Sri Lanka’s expenditure on imports has declined marginally from US$ 19,417 million in 2014 to US$ 18,935 million in 2015. This is, however, considerably high in comparison to exports. Despite a significant fall in petroleum imports, imports rose due to huge imports of consumer and investment goods, especially Seafood, Vehicles and Transport equipment. Inadequacy of export earnings and the meagre decline in import expenditure led inevitably to widening of the trade deficit in 2015 by 1.7 per cent from that of 2014.
The main items that accounted for the fall in import expenditure by 2.5 per cent in 2015 are the reduced expenditure in Fuel, Wheat and Maize and Textile and Textile articles. Due to the fall in international oil prices, the fuel import bill decreased by 41 per cent from US$ 4597 in 2014 to US$ 2700. This is a sharp contrast to the continuous negative impact caused by oil imports for the past few years. Lower thermal power generation due to plenty of rainfall last year also contributed to bring down the import bill.
Though the fall in international oil prices affected favourably on Sri Lanka’s import bill, it also reduced the global demand for our exports in major export destinations and oil-export countries. As there is less hope to increase exports due to the current global economic conditions, bringing down import expenditure is imperative for Sri Lanka
Consumer goods imports increased from US$ 3853 million in 2014 to US$ 4714 million in 2015. The highest contributors to this increase are Seafood, Vehicles and Vegetables which accounted for approximately 53 per cent, 52 per cent and 40 per cent respectively. Moreover, beverages accounted for a 26 per cent increase and medical & pharmaceuticals accounted for 21 per cent increase despite a fall in cereals and milling industrial products. Overall, the import expenditure increase in Consumer goods in 2015 was 22 per cent higher than in the previous year.
Reduced expenditure on Intermediate goods imports by 15 per cent between 2014 and 2015 was the only factor which led to an overall decline in the import bill. As pointed out earlier, the Intermediate imports of Wheat and Maize and Textile and Textile Articles reduced by 12 per cent and 1 per cent respectively in 2015, along with the fuel bill. However, there are increases in import expenditure on Chemical products, Fertilizers and Rubber articles, Mineral products and unmanufactured tobacco.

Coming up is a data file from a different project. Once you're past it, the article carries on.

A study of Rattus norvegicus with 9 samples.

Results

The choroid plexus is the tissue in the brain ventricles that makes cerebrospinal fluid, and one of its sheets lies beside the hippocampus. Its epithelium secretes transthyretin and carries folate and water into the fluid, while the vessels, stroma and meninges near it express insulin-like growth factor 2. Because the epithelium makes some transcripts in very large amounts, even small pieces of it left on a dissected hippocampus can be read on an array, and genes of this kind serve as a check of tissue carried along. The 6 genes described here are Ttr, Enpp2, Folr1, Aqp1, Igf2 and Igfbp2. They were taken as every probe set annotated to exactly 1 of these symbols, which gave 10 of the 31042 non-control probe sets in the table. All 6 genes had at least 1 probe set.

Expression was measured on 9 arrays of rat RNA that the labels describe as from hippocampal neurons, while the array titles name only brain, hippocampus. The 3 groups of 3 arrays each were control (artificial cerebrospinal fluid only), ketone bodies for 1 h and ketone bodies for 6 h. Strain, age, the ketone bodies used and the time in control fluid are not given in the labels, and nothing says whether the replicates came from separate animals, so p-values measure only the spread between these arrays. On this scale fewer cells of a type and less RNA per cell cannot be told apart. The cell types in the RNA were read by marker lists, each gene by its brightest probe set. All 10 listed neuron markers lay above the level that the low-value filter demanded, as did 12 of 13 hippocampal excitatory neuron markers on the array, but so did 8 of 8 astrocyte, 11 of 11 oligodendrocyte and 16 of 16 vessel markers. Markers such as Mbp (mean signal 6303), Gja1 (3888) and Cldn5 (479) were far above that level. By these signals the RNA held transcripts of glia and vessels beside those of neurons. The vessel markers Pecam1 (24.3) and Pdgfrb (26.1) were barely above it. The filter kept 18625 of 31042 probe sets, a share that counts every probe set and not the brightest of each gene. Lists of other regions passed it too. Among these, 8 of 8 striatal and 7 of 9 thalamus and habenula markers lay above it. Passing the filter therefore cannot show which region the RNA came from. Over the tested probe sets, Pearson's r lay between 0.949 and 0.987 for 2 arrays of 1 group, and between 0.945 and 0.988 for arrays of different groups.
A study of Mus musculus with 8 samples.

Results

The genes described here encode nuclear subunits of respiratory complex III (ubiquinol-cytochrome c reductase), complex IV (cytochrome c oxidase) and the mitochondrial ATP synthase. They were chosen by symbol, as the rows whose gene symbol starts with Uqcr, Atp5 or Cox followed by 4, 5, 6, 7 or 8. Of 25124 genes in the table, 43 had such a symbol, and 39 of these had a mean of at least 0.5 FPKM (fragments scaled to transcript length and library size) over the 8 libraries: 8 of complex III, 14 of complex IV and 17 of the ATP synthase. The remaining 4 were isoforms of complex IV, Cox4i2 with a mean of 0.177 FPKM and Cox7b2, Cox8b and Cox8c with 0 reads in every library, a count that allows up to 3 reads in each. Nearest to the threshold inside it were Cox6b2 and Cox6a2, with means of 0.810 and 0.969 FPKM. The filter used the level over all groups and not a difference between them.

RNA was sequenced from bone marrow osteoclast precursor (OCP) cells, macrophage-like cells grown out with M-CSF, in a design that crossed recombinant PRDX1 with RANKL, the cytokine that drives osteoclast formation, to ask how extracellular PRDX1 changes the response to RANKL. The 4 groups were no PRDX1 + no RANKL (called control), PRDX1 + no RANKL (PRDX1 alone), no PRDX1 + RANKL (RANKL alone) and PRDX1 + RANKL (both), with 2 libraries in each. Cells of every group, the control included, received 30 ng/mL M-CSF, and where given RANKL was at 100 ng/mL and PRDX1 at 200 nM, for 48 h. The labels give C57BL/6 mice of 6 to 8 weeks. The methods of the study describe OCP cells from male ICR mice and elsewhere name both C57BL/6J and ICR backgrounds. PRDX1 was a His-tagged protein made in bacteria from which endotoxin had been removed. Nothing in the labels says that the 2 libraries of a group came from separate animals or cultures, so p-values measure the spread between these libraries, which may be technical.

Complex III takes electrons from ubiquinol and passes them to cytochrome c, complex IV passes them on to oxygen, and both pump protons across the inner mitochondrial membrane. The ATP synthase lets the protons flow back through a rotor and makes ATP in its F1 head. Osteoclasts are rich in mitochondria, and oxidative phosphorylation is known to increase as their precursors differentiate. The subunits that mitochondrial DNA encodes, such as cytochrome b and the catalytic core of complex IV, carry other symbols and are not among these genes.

Investment goods category increased by 10 per cent from US$ 4152 million in 2014 to US$ 4567 million in 2015. Expenditure on Transport equipment increased by 32 per cent, while all other sub-categories like Machinery and equipment and Building materials, too recorded increases.
Containment of the trade deficit is essential to maintain favourable external finances that are in a serious situation at present. As brought out in my last article, diversifying Sri Lanka’s export base is crucial. Though the fall in international oil prices affected favourably on Sri Lanka’s import bill, it also reduced the global demand for our exports in major export destinations and oil-export countries.As there is less hope to increase exports due to the current global economic conditions, bringing down import expenditure is imperative for Sri Lanka.
The present large trade deficit is mainly due to government mismanaging monetary, fiscal and exchange rate policies. The trade deficit being the prominent factor for Sri Lanka’s weak Balance of Payments position, a correct mix of monetary and fiscal policies at right times are obligatory.Meantime, there is hope that there is a close watch on imports as recent government initiatives are in the right direction. The present policy of restricting credit growth with high interest rates would repress aggregate demand, thus reducing imports. High import tariffs would also restrain imports and consumers will shift to
locally produced goods. Depreciation of the rupee will make exports more competitive and imports less attractive.
Amidst the above policies implemented, government should closely observe the import bill of the country. While it is necessary to have a precise and consistent approach with regard to monetary and fiscal policies, reducing the overall aggregate demand should becomplemented by curtailing selective imports that could be locally produced.